Here are two illuminating graphics from the Financial Times and Economist. First up is a figure from Martin Wolf’s latest column in the FT, itself based on a new paper by Carmen Reinhart and Kenneth Rogoff, showing the proportion of the world economy affected by banking crises, from 1900-2008. Its main features are a spike around the Great Depression of the 1930s, then a period of tranquility from 1940-1975 – an era of strong and stable growth and the post-war ‘Keynesian consensus’. All that comes to an end in the 1970s, when the world enters the financial chaos of the modern era, after the US suspended dollar-gold convertibility in 1971, effectively ending the post war period of stable exchange rates. Casino capitalism was born, as capital flows boomed and became more volatile, provoking regular financial crises. After a brief lull in the boom years of the early noughties, banking crises are now surging and look like they could surpass the level of the Great Depression.
The graph brings home the cost of excessive deregulation of capital and financial markets – the last three decades have seen a series of banking crises, each of which destroys GDP and leaves governments North and South saddled with substantial burdens as they are forced to nationalise bank debts to get financial systems working again. Question: what would it take to return us to the 1940-75 status quo ante?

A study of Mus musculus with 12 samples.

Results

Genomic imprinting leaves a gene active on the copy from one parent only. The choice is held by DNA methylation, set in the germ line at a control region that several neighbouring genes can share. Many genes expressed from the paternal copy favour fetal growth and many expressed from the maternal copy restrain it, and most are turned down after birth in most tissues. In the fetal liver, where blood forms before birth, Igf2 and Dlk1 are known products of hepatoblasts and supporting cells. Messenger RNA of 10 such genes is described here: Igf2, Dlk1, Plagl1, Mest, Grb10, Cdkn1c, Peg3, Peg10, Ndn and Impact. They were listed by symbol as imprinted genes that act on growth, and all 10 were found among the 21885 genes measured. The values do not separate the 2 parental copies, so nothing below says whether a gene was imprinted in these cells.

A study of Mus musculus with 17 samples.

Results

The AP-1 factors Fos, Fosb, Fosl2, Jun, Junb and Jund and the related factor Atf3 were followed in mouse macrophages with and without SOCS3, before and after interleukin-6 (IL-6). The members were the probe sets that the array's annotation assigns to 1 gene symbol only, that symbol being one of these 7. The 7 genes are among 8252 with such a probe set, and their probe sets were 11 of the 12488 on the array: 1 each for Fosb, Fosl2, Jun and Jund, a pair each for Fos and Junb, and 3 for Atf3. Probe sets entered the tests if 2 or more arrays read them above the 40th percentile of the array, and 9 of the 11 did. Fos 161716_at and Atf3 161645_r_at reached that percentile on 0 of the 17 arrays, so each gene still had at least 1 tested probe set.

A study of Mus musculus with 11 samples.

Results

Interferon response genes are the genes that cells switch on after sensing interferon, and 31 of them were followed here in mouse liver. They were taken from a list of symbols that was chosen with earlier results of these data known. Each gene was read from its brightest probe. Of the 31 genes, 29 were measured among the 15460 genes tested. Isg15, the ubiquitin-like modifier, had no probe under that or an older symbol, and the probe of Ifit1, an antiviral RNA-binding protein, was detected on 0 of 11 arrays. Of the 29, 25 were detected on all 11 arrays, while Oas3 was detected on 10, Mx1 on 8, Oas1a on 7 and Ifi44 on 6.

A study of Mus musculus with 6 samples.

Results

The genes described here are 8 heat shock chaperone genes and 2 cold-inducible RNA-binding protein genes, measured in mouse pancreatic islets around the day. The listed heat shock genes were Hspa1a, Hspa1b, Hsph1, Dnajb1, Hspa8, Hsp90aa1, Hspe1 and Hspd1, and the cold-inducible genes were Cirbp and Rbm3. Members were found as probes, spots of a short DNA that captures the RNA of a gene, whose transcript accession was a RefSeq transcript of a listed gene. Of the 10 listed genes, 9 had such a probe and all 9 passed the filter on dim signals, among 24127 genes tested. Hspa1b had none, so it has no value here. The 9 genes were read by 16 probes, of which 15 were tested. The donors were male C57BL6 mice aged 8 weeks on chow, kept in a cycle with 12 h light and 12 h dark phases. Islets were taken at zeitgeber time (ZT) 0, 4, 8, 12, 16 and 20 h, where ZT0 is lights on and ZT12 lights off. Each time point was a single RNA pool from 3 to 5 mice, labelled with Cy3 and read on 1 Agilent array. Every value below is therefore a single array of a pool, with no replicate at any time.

The second graph is from this week’s Economist. It shows the % share of world growth accounted for by developed and emerging economies. First the well known part – led by China, emerging economies have been accounting for ever greater chunks of world growth, overtaking the rich world around the turn of the millennium. But the interesting numbers come at the end – even though both rich and emerging economies are being hit by the downturn, the rich economies are being hit harder – the result has been to accelerate the move of the economic centre of gravity Southwards. This year emerging markets are forecast to account for 80% of global growth. An economic tectonic shift of that order is highly likely to precipitate a matching political shift – maybe the G20 will eclipse the G8; perhaps regional financial mechanisms, such as Japan’s proposal for an Asian Monetary Fund, will eventually replace global institutions like the IMF. A shock of this magnitude is bound to trigger change on a grand scale.
Also based on the Economist’s coverage of the Reinhart and Rogoff paper is the table below which pulls together the track record of 14 severe banking crises since 1929. Topline message? On average GDP takes two years to recover, unemployment nearer five. Looks like Enver Hoxha was right (see last post). Sorry.